Light-Up Plants

Glowing trees that can replace street lights and spinach that can send out emails to warn of approaching danger sounds like the stuff of fantasy.

But a laboratory at the Massachusetts Institute of Technology, which is pioneering what its lead scientist Prof. Michael Strano has named plant nanobionics, is bringing these things closer to reality.

Rather than tampering with genes to get plants to do certain things, plant nanobionics inserts miniscule pieces of machinery into them — tiny engineered particles that can access a plant’s cells and even subcellular structures, such as chloroplasts.

Scientists have known for some time that plants communicate with one another and with the outside world, but Strano’s research opens the door for humans to hack into the signals a plant sends itself, getting the plant to report what is happening — via email.

“The plant is exquisitely sensitive to everything; for example, heat stress. It knows when there’s going to be drought before humans. It senses insect bites,” Strano told The Times of Israel in a Zoom interview.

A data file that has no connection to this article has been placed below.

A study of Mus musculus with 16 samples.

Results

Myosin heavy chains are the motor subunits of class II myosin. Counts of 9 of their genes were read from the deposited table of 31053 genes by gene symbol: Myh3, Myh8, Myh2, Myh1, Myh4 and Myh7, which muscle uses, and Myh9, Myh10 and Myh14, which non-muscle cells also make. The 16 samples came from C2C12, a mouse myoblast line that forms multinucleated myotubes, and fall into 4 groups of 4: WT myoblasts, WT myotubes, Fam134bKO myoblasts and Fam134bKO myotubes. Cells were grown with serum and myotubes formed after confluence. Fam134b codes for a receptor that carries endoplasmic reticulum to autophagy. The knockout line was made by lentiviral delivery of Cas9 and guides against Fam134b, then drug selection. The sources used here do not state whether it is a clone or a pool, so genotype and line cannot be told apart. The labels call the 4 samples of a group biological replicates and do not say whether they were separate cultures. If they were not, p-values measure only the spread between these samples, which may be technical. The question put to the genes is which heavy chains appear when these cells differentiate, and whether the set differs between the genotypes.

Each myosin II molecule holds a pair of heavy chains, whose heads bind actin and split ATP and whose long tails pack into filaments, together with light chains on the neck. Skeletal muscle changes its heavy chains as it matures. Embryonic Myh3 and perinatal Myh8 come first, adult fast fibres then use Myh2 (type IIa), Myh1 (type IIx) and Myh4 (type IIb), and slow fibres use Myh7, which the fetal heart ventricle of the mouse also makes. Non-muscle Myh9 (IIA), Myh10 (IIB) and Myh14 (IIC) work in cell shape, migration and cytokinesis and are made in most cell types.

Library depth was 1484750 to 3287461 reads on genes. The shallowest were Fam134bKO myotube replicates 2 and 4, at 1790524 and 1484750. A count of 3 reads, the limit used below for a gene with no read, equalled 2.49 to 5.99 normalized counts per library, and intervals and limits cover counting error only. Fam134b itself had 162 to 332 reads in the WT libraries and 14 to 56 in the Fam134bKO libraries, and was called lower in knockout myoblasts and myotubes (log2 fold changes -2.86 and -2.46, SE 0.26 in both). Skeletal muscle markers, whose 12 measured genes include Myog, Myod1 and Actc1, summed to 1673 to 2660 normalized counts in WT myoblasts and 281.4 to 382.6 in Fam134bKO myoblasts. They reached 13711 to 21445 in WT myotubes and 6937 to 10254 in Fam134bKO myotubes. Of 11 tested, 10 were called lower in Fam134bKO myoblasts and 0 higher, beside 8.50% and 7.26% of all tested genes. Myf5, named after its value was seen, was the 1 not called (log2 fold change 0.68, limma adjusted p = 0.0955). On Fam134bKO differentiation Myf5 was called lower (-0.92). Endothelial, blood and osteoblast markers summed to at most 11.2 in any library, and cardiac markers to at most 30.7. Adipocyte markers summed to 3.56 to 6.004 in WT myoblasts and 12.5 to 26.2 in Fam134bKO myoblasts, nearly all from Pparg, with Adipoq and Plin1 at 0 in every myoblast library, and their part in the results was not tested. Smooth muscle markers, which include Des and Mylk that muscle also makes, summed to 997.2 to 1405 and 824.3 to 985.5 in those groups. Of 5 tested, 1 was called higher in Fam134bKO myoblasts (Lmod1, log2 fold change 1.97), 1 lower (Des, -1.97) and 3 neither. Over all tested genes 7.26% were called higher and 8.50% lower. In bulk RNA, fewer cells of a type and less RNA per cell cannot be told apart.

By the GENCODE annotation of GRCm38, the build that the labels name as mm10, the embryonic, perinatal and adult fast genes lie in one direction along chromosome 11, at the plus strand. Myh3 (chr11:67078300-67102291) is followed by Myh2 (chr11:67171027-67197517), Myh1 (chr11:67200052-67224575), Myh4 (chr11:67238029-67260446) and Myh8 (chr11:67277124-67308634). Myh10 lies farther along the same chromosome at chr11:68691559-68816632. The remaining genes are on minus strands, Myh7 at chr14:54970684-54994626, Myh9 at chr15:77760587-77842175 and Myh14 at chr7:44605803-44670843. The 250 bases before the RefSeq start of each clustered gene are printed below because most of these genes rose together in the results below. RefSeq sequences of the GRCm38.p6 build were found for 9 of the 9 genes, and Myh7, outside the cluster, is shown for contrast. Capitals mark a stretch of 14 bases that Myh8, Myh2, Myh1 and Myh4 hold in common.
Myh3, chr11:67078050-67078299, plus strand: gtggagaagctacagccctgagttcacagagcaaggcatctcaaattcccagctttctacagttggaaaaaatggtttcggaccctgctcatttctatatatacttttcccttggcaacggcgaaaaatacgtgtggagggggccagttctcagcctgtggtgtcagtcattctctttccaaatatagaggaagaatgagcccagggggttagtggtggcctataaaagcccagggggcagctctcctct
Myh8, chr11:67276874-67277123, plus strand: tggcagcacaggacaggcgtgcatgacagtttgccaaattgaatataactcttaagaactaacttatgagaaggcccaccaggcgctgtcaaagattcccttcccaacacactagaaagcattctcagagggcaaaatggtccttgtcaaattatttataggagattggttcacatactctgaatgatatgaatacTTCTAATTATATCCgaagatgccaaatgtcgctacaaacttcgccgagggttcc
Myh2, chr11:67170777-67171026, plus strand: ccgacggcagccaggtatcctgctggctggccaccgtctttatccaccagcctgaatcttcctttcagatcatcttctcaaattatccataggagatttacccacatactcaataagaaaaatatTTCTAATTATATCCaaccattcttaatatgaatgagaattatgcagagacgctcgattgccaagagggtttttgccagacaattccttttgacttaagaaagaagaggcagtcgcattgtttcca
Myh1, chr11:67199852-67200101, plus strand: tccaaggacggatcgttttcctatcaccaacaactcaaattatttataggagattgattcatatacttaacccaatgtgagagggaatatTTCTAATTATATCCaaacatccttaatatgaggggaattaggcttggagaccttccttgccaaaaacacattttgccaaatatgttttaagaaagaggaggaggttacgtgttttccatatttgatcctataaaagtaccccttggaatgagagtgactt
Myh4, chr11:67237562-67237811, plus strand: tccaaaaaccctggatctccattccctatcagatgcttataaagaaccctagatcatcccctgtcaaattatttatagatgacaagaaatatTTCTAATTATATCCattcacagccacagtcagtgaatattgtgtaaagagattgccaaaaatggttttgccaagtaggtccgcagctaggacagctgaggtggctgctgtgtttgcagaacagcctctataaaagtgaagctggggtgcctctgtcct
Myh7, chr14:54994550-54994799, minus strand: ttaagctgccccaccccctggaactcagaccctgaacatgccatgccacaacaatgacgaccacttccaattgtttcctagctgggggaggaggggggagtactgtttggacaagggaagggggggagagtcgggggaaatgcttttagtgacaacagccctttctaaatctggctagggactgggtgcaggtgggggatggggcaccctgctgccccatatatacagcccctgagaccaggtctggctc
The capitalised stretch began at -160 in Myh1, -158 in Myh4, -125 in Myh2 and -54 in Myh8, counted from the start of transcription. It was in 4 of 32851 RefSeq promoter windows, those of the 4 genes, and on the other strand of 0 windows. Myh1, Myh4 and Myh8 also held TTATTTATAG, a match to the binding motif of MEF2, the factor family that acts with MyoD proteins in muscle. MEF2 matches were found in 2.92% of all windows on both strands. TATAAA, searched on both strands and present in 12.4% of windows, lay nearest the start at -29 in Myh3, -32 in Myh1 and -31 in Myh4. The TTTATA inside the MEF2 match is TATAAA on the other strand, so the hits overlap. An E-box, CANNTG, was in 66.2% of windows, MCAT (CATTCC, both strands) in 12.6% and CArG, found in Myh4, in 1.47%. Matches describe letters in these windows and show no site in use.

In 2016, Strano’s lab published research showing that nanobionics could be used to tap into a plant’s super-sensitive detection capabilities, giving farmers and others access to the plant’s diagnostic tools.

Because they are not independently mobile, plants have developed an extraordinary set of skills to monitor and act upon the minutest of changes in their environment.

Roots, which must look for water and nutrients, are able to detect substances that can endanger the plant, such as pollutants or soil-based pests.

Strano’s team managed to develop and embed minuscule sensors into the water-carrying vascular tissue of spinach leaves to pick up information about materials sucked up by the roots and sent to the leaves.

These sensors are made by combining infinitesimally small tubes with a polymer coating to create fluorescence and emit light.

The nanotubes measure 0.7 to 1.5 nanometers in diameter and can be hundreds of nanometers long. Given that 25,400,000 nanometers are equivalent to just one inch, they can only be seen with an electron microscope.

The glowing sensors are so tiny that they can literally be pushed into the leaf without harming the plant, where the fluorescence changes color the moment the target material binds with the polymer coating.